Here’s what you need to know about the coronavirus right now:
Hong Kong, Singapore plan quarantine-free travel bubble
A travel bubble between Hong Kong and Singapore will begin on Nov. 22, the two cities said on Wednesday, as they moved to re-establish overseas travel links and lift the hurdle of quarantine for visiting foreigners.
The scheme will start with one flight a day into each city, with a quota of 200 travellers per flight, officials said. This would be increased to two flights a day from Dec. 7.
Travellers from both cities must arrive on designated flights and must undertake Covid-19 tests.
No quarantine will be required and there will be no restrictions on the reasons for travel. The travel bubble will be suspended if the Covid-19 situation deteriorates, they added.
California, US Midwest states clamp down again
California and several states across the US Midwest tightened restrictions on residents on Tuesday as the nation’s top infectious disease specialist called on Americans to remain vigilant until a vaccine can be approved and distributed.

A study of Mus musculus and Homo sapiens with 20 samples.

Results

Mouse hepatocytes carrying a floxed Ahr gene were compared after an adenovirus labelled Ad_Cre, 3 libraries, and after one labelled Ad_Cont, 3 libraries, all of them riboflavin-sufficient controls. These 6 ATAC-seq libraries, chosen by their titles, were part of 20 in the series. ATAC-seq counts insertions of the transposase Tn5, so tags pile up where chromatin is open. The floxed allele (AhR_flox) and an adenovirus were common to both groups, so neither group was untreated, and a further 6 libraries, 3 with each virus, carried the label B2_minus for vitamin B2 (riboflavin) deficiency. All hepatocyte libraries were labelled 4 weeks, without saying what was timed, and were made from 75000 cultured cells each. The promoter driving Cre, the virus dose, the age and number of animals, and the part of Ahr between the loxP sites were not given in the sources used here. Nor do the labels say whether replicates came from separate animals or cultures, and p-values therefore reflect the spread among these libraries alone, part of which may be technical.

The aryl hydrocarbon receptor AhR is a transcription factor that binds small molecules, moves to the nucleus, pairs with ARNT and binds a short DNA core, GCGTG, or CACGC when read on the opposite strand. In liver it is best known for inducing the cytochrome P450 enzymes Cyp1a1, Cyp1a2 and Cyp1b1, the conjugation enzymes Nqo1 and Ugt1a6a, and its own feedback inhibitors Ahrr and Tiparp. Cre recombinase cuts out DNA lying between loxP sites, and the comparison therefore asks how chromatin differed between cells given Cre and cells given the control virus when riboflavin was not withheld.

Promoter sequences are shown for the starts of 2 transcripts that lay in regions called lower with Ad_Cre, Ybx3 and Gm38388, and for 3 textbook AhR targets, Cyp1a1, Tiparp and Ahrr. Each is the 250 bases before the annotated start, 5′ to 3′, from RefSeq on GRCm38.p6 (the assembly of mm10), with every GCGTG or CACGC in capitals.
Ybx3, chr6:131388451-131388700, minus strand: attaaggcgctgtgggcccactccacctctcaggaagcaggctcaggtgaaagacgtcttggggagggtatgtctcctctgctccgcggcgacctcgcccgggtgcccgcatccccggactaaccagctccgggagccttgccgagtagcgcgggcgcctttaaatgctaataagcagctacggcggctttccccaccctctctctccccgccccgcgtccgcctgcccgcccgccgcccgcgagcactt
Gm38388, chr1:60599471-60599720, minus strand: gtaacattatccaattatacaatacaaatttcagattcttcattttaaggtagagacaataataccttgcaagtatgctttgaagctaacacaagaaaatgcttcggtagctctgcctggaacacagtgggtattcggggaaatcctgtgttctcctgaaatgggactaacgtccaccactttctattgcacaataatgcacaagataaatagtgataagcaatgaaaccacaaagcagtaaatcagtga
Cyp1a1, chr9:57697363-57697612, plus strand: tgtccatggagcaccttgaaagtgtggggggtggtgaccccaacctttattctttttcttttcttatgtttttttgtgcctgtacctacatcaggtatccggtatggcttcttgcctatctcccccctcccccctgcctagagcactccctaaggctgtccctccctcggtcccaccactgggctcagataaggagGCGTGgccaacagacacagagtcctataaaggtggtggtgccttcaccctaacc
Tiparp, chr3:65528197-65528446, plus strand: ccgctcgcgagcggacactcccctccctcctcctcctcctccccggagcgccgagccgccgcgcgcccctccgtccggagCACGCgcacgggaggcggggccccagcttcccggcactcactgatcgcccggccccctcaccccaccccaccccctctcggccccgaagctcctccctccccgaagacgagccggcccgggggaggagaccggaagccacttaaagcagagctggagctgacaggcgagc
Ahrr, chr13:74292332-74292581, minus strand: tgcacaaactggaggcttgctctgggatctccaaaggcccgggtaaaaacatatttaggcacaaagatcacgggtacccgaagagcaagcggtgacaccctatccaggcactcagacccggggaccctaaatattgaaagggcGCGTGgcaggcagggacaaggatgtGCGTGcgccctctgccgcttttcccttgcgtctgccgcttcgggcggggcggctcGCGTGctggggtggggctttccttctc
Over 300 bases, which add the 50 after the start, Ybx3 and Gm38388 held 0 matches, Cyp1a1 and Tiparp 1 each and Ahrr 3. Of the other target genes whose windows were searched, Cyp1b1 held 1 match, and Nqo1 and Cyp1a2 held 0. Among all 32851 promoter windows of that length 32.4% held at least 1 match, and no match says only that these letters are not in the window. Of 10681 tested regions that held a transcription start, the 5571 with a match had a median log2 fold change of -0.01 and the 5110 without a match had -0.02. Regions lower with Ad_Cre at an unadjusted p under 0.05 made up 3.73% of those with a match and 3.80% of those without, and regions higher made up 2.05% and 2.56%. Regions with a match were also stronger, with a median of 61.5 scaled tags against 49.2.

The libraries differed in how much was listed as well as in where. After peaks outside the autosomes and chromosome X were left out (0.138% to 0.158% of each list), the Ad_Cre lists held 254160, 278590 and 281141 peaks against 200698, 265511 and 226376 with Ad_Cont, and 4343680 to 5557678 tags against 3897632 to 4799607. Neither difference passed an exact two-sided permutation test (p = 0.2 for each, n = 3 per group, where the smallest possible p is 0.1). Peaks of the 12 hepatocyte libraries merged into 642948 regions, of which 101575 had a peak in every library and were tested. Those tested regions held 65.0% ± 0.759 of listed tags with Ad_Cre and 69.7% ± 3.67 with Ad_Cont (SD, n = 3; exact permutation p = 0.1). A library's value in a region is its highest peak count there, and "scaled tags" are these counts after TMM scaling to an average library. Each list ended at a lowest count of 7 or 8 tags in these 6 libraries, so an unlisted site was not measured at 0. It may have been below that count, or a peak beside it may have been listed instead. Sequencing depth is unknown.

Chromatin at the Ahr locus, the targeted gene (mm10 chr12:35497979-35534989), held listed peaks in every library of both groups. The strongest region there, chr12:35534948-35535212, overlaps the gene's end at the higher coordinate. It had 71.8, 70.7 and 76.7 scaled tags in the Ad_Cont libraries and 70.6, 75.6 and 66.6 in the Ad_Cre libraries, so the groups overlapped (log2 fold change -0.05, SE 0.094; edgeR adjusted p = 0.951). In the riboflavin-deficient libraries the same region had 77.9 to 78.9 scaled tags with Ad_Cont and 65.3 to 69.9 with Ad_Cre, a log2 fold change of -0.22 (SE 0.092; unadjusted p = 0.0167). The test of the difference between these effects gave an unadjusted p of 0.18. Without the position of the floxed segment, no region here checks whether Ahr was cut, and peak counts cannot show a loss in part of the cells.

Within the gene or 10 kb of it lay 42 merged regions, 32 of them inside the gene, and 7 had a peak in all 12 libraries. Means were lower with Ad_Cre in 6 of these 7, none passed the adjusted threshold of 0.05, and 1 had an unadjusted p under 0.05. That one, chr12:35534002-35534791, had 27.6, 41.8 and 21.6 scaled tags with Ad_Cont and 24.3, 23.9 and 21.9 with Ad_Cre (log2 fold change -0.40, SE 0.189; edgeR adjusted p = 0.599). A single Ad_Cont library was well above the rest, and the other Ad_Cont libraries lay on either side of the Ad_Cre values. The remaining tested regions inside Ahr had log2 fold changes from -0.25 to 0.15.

The new clampdowns were announced as the number of Covid-19 infections surged again in the United States with the onset of colder weather, straining hospitals and medical resources in some cities.
“There’s a real thing called Covid-19 fatigue, that’s understandable,” Dr. Anthony Fauci, a member of the White House coronavirus task force, told CNN in an interview. “But hang in there a bit longer, do the things you need to do and we’ll be OK.”
Coronavirus kills 15,000 US mink since August
More than 15,000 mink in the United States have died of the coronavirus since August, and authorities are keeping about a dozen farms under quarantine while they investigate the cases, state agriculture officials said.
The US states of Utah, Wisconsin and Michigan - where the coronavirus has killed mink - said they do not plan to cull animals and are monitoring the situation in Denmark, which last week embarked on a plan to eliminate all of its 17 million mink.
US authorities are urging farmers to wear protective gear like masks and gloves when handling mink to avoid infecting the animals.
The coronavirus has also infected cats, dogs, a lion and a tiger, according to the USDA. Experts say mink appear to be the most susceptible animal so far.